I have a new essay in 3:AM Magazine called “The President’s Bucket.” It’s a hybrid piece that includes a dark fable. I wrote it at the invitation of Andrew Gallix for the journal’s ongoing “3:AM in Lockdown” series.
My contribution was the forty-fifth in the series, among artworks, writing, videos and more by a fantastic group that includes Joanna Walsh, Joseph Schreiber, Rachael de Moravia, Anna Vaught, and Steven J. Fowler. I’m finding it to be essential reading for two main reasons. First is that it shows of course the current state of the world during the coronavirus shutdown. But it also reveals how creative people are getting by, while taking care of themselves and their loved ones, while somehow generating new work.
My essay is quite dark, especially the fable, which imagines a future where Donald Trump’s authoritarian presidency has descended even further into open murder. I did not plan on writing something like this. I started in a very different direction, imagining a set of cronicas to deliver observations and some uplifting humor, plus perhaps a few words of courage to lift people’s spirits. (One draft is sort of like a bad stand-up routine, with one bit going like this: “It’s the best and worst of times for misanthropes. Best because they were right to avoid people all along! Worst because they don’t get the satisfaction of seeing the disappointed looks on other people’s faces as this hard fact sinks in.”)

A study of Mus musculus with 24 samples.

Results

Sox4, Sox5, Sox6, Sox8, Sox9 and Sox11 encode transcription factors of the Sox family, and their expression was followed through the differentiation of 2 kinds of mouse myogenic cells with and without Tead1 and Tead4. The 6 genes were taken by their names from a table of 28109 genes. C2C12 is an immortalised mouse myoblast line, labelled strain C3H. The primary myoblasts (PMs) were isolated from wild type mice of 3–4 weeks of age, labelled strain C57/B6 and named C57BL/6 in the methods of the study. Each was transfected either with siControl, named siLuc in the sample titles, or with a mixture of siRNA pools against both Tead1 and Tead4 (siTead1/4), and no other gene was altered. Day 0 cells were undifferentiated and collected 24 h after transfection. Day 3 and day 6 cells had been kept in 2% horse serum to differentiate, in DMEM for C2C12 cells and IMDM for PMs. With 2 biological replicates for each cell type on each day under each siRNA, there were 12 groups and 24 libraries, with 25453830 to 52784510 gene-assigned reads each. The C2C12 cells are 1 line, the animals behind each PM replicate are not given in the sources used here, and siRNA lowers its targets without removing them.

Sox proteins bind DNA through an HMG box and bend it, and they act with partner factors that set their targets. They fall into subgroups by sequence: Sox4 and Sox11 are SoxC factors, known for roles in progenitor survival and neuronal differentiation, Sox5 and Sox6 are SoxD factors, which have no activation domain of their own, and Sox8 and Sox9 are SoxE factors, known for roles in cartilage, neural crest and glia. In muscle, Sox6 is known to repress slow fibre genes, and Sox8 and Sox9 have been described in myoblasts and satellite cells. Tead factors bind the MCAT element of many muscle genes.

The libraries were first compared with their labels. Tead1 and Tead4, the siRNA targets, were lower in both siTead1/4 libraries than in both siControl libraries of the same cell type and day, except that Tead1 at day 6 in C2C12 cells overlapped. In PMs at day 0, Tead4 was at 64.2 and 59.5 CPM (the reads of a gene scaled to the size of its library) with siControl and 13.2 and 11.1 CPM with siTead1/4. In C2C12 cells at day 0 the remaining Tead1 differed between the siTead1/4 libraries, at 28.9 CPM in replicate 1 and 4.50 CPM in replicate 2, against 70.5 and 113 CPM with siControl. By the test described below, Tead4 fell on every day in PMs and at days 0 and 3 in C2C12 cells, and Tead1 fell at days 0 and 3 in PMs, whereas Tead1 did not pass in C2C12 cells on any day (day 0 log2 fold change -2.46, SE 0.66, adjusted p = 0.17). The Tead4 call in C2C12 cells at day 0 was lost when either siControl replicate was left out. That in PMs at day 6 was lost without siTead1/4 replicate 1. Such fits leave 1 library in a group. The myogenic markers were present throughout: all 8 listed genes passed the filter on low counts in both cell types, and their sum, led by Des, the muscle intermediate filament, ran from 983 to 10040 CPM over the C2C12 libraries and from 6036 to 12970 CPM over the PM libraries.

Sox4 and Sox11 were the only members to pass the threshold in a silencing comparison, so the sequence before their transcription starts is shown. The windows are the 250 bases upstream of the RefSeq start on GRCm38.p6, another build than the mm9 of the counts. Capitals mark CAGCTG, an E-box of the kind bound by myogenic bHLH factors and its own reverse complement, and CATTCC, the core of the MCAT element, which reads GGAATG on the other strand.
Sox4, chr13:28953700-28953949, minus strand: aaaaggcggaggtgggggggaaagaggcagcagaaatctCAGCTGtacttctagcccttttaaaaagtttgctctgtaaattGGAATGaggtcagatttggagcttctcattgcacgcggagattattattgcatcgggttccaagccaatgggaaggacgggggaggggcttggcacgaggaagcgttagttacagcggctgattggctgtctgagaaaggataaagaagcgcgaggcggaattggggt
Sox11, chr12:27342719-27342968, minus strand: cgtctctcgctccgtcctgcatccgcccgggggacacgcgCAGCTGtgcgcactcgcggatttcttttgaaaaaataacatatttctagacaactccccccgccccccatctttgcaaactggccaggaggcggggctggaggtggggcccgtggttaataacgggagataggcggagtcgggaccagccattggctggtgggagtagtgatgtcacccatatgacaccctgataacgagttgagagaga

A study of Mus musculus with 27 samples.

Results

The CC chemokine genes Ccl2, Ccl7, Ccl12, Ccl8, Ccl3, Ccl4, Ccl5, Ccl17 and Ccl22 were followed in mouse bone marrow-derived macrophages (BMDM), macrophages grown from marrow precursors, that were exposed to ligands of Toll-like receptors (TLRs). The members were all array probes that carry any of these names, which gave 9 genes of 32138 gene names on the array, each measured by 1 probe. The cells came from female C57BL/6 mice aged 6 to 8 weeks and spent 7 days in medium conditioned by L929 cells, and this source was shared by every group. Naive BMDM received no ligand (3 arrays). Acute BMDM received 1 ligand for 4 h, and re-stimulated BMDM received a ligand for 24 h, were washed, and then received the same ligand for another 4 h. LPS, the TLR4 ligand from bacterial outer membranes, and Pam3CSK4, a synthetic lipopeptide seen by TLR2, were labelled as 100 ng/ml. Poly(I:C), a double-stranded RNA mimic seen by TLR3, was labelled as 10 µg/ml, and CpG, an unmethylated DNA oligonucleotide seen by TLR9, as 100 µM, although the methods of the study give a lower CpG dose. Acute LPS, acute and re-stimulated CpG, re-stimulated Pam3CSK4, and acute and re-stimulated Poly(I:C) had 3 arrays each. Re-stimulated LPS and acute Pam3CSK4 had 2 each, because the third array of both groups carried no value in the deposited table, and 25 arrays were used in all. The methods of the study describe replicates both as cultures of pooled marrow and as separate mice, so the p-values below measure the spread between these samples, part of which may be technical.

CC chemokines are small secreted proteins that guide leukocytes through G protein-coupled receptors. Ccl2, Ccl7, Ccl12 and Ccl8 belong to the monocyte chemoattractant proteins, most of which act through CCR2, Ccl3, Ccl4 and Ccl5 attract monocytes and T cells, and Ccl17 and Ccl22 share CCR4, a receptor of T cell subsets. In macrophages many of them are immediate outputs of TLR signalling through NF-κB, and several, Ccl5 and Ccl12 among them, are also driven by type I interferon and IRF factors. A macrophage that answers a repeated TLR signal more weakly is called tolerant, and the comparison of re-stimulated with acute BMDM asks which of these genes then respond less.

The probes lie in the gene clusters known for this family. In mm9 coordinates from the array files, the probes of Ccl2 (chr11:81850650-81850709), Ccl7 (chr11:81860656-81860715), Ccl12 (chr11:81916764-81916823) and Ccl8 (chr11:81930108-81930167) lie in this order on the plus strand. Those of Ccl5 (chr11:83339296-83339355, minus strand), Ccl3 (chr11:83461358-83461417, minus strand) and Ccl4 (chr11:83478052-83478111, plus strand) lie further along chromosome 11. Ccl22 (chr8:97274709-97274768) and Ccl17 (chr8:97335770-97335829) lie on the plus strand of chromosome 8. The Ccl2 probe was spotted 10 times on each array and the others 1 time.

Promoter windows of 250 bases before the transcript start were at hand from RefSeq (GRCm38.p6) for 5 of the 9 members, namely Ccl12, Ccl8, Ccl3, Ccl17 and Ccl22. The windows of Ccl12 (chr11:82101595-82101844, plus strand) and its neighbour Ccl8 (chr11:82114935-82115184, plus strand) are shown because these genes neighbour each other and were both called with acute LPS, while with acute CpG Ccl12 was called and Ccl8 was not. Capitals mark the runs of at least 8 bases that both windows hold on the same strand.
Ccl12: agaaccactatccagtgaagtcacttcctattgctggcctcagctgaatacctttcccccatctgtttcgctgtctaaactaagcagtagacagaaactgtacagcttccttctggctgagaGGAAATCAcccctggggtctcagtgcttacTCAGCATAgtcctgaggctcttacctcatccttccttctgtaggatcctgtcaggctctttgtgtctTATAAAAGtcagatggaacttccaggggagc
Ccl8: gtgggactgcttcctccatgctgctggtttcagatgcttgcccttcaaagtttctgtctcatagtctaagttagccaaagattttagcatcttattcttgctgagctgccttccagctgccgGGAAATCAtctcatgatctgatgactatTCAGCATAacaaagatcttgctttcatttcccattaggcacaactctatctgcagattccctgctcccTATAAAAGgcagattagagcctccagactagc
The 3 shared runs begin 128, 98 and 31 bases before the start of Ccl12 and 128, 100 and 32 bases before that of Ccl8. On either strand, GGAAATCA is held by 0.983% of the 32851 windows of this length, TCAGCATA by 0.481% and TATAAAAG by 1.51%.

My essay and fable, “The President’s Bucket,” ended up being something I just needed to write. Some cleansing rage. A line in the sand. A no-holds-barred look at what the Trump presidency really feels like when I let myself feel it. It was catharsis, yes. But also a protest against what I’ve seen other writers engaging in, especially in the pages of magazines like The New Yorker, where Lorrie Moore and Ben Lerner decided to help normalize and idolize aspects of Trump’s so-called communication style. So I admit that in terms of being an American writer alive in this time, I wanted to put as much distance as possible between myself and writing like that.
More importantly, it felt vital to express this level of rage and horror at what’s happening. And I encourage others to try it, if only as a private exercise and see what it yields emotionally and on the page. Because we are living with so many levels of fear right now and one of them, for me at least, involves the fear that Trump’s re-election is inevitable. And that’s not true. In writing about this darkness, I rid myself of some of my feelings of hopelessness. Very simple, of course. But it’s key because if we normalize or romanticize our hopelessness we can’t do what’s needed to fight back in our own way, or remember we must support one another and face this struggle together. So being part of this series reminded me of that, seeing all the other people contributing work, while knowing that there are many, many other series being published worldwide about how hard this is. We are isolated to keep one another safe but we are still speaking out and fighting back, ready to come together. There is great power in that.